April 30, 2020 3 min read

The World Health Organisation (WHO) and Abundant Natural Health (ANH) do!

WHO released a global report in 2016 about Psoriasis to increase awareness of psoriasis in order to empower policy makers and provide solutions to improve health care and social inclusion of people living with psoriasis.

You can check out the official document here: https://apps.who.int/iris/bitstream/handle/10665/204417/9789241565189_eng.pdf;sequence=1)

Not to sound like a broken record but psoriasis has been recognised as a chronic disease with high comorbidities. This means that psoriasis is usually a life long condition (however in some cases it does disappear) and with it comes other physical, mental and social health problems (1).

There is no cure for psoriasis, so this in itself has great negative impact on suffers quality of life. However treatment is based around symptom management. It is important to note that symptom management may not just be addressing the physical itchiness, scaling or burning, but also all the other emotional and social burdens people with psoriasis feel (2-4).

As I said there are other associated conditions with psoriasis which I have tabulated. (2-6)

Psoriasis Co-morbidities




Cardiovascular Disease

Metabolic Syndrome

High Blood Pressure


High Cholesterol

Crohn’s DIsease


Anxiety Disorders


Lack of self-Esteem

Suicide Ideation


Social Exclusion


Add on costs

Long Treatment Time

Poor Treatment Satisfaction


WHO recognising that psoriasis is also a psychological and social condition allows for holistic and more targeted treatment. Depression is more prevalent and the perpetuating drivers like social exclusion, discrimination and stigma are psychologically damaging.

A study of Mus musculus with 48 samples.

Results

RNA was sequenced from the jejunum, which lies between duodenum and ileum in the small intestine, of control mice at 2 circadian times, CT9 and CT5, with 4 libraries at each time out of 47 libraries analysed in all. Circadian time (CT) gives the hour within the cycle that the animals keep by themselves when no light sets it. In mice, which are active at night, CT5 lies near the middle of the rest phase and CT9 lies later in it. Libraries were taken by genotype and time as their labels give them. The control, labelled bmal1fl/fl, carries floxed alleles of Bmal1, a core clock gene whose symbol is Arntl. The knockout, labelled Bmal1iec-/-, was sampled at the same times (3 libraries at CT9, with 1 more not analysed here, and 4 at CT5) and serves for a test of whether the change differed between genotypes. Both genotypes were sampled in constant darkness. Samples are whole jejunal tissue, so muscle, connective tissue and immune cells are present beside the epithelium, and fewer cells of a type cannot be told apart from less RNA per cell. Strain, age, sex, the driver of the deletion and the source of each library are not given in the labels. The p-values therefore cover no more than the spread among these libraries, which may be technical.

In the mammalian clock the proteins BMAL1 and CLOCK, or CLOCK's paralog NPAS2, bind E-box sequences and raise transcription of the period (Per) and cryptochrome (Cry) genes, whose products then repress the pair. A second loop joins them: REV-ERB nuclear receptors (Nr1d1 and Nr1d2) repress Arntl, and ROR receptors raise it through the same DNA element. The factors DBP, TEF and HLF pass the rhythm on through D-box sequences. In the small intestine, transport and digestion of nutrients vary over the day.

“It is not psoriasis causing the exclusion – it is largely society’s reaction to it and this can change”- WHO, 2016

It is this social avoidance from public places like schools, workplaces and swimming pools that really take a toll on how people live their lives. A study conducted on European psoriasis patients found that daily activities were also impacted. These activities included: clothing choice, bathing more, washing/changing clothes more often, sport activities, sleep disorders, inhibiting work activities, sexual difficulties and social relations (7).

Without acknowledging the psychological and social burden of psoriasis treatment will continue to be ineffective. By increasing the dialogue around psoriasis will increase awareness and ultimately allow society to react differently, so psoriasis suffers can live their lives without stigma and judgement.



  1. World Health Organisation. (2016). Global report on PSORIASIS. Retrieved 12 December 2019, from https://apps.who.int/iris/bitstream/handle/10665/204417/9789241565189_eng.pdf;sequence=1
  2. Fuji R, Mould JF J, Tang B, Brandt H, Pomerantz D, Chapnick J et al. Burden of disease in patients with diagnosed psoriasis in Brazil: results from 2011 national health and wellness survey (NHWS). Value Health. 2012;15(4):A107.
  3. Stern RS, Nijsten T, Feldman SR, Margolis DJ, Rolstad T. Psoriasis is common, carries a substantial burden even when not extensive, and is associated with widespread treatment dissatisfaction. J Investig Dermatol Symp Proc. 2004;9(2):136–9.
  4. Kimball AB, Jacobson C, Weiss S, Vreeland MG, Wu Y. The psychosocial burden of psoriasis. Am J Clin Dermatol. 2005;6(6):383–92.
  5. Russo PAJ, Ilchef R, Cooper AJ. Psychiatric morbidity in psoriasis: a review. Australas J Dermatol. 2004;45(3):155– 9; quiz;160–1.
  6. Augustin M, Radtke MA, Glaeske G, Reich K, Christophers E, Schaefer I et al. Epidemiology and Comorbidity in Children with Psoriasis and Atopic Eczema. Dermatology. 2015;231(1):35–40.
  7. Dubertret L, Mrowietz U, Ranki A, van de Kerkhof PC, Chimenti S Lotti T et al. European patient perspectives on the impact of psoriasis: the EUROPSO patient membership survey. Br J Dermatol. 155(4):729–36.